After last night’s 6:00 o’clock news, I headed to Southern Connecticut State University. Jerry Dunklee, a journalism professor at Southern who I knew as a radio talk show host when I first came here, invited me to join a panel on blogging.
The class was already underway when I walked in the room. I was glad to see little has changed. The students avoided sitting close to the front.
Sitting behind a table, facing the group, were Denis Horgan and Andy Thibauld. These guys are much better examples of what bloggers are all about than the navel gazing I usually post.
Both these guys are capital “J” journalists with backgrounds at traditional media outlets. Denis went though a messy divorce at the Hartford Courant, after editor Brian Toolan told him to stop blogging. I’m not sure of all the steps, but the Courant no longer has Horgan… we do.
As with my blog, though in a much more beautiful, writerly way, Denis choronicles his own life and experiences. A really good writer can make the mundane meaningful.
If that came off as a left handed compliment, it wasn’t my intention.
Denis is also author of “Flotsam: A Life in Debris,” reviewed quite favorably in the… wait for it… Hartford Courant. You can’t make this stuff up!
Andy Thibauld is also a print journalist gone web. This description probably doesn’t do it justice, but his site is an outlet for Andy’s investigative reporting.
Staunchly liberal (as is Horgan), Andy is answering a calling, more than doing a job. The fact that he’s doing this kind of expository reporting in a medium where there’s little chance for financial payoff means it’s passion driven.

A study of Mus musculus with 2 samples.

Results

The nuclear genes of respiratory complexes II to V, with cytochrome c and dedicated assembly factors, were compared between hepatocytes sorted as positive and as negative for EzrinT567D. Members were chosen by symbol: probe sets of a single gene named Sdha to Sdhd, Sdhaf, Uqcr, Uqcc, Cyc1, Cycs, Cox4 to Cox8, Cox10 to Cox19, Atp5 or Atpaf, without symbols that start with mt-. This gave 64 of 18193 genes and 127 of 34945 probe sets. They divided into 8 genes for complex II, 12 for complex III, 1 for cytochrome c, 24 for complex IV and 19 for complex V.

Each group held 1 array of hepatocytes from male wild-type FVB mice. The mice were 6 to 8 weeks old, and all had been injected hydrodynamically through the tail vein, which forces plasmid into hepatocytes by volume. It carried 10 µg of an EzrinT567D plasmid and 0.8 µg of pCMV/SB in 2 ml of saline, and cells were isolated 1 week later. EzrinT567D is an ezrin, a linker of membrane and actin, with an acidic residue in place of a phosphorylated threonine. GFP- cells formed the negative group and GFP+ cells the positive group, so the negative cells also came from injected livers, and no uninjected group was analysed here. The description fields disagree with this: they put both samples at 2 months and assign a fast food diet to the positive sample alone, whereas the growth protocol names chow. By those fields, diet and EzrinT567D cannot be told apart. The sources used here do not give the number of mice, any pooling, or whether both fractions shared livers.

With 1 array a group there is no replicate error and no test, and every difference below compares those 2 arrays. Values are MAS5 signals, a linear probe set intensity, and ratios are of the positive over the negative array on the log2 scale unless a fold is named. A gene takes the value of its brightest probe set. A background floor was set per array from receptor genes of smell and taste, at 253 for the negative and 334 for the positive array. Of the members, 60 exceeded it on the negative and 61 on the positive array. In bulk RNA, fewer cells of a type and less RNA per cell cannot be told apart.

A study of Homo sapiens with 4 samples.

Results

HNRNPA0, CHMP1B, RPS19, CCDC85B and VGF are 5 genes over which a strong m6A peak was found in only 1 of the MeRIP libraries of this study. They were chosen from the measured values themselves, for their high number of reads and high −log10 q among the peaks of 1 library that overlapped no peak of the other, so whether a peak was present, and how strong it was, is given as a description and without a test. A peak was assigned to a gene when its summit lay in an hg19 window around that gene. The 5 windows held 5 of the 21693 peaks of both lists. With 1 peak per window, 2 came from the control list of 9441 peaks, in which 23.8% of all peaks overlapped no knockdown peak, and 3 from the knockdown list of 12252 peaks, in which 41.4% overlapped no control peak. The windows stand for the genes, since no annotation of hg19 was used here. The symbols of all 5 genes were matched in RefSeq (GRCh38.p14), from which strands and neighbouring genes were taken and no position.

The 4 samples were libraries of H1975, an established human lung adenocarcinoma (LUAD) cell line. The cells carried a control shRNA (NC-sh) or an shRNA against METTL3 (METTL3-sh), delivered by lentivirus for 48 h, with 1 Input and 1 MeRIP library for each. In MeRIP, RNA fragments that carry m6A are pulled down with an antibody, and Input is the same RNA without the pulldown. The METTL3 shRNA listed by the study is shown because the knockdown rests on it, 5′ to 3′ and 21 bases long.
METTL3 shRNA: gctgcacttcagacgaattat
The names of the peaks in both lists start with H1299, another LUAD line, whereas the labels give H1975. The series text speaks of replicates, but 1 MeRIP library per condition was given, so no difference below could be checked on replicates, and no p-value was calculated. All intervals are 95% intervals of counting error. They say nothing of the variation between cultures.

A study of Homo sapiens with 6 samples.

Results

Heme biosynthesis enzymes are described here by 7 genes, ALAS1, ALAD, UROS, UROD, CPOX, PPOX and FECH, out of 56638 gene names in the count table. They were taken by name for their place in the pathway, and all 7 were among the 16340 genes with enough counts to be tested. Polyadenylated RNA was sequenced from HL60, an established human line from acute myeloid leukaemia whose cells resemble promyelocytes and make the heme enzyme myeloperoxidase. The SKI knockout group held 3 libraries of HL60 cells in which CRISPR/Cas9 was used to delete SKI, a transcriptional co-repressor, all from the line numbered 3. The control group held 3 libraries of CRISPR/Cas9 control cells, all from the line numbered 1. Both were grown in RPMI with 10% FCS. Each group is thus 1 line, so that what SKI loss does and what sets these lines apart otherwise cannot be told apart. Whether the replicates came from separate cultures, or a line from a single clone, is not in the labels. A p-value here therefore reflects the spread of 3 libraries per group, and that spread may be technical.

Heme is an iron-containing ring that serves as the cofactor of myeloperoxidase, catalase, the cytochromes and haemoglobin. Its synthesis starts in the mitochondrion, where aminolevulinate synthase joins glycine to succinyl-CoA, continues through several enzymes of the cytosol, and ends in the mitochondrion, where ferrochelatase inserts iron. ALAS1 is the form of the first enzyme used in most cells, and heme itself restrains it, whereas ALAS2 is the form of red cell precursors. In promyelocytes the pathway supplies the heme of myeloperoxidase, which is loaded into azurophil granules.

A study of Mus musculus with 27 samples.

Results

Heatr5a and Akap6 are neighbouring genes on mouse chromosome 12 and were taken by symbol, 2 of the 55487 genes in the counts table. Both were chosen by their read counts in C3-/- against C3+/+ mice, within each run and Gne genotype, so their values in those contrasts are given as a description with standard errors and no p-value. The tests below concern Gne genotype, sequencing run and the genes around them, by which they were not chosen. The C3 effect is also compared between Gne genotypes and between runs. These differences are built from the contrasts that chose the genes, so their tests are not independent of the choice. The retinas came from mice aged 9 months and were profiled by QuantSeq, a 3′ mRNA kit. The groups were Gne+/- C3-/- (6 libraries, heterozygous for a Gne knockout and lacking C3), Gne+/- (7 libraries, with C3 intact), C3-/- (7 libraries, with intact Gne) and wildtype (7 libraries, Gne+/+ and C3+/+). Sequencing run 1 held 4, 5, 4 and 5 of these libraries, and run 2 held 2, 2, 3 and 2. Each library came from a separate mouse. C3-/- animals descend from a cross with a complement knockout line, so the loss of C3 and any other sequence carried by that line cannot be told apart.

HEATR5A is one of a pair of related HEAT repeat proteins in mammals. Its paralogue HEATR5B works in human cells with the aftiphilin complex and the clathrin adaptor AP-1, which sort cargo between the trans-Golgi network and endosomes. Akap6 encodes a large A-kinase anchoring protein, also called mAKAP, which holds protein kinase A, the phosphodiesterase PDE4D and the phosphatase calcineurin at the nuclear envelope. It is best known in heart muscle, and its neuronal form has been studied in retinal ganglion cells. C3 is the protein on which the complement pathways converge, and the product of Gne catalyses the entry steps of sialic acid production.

Stereotypically, both men seem directly out of central casting for who they are. That Denis is an Irishman from Boston is totally obvious before he even speaks! Andy wears the same rumpled trench coat nearly every other investigative reporter wears.
There’s got to be a warehouse where these are given out to people who whisper, “I know this pol on the take.”
Both these guys are passionate about what they do. Neither seems to have a free will choice to stop. It’s just too deeply ingrained in their DNA.
I’m not sure how either puts food on the table. There’s no money in blogging… certainly in this kind of blogging. People write for newspapers because they need to write and they need to eat. Blogging only fills half the equation.
I can’t be sure the students got what we were talking about. Can you understand what drives these two guys before being driven yourself? Don’t you first need to understand what it’s like pounding your head against the wall for a boss who judges your work by quantity alone?
The students seemed attentive and asked good questions. It’s just, I’ve come to the conclusion experience cannot be taught.
It’s a shame the traditional media (print and electronic) are under such brutal financial pressure. Guys like these, to whom principle is king, are amazing role models for college students. I’m not sure if I belonged on the same panel.
There are never enough bright people with principles.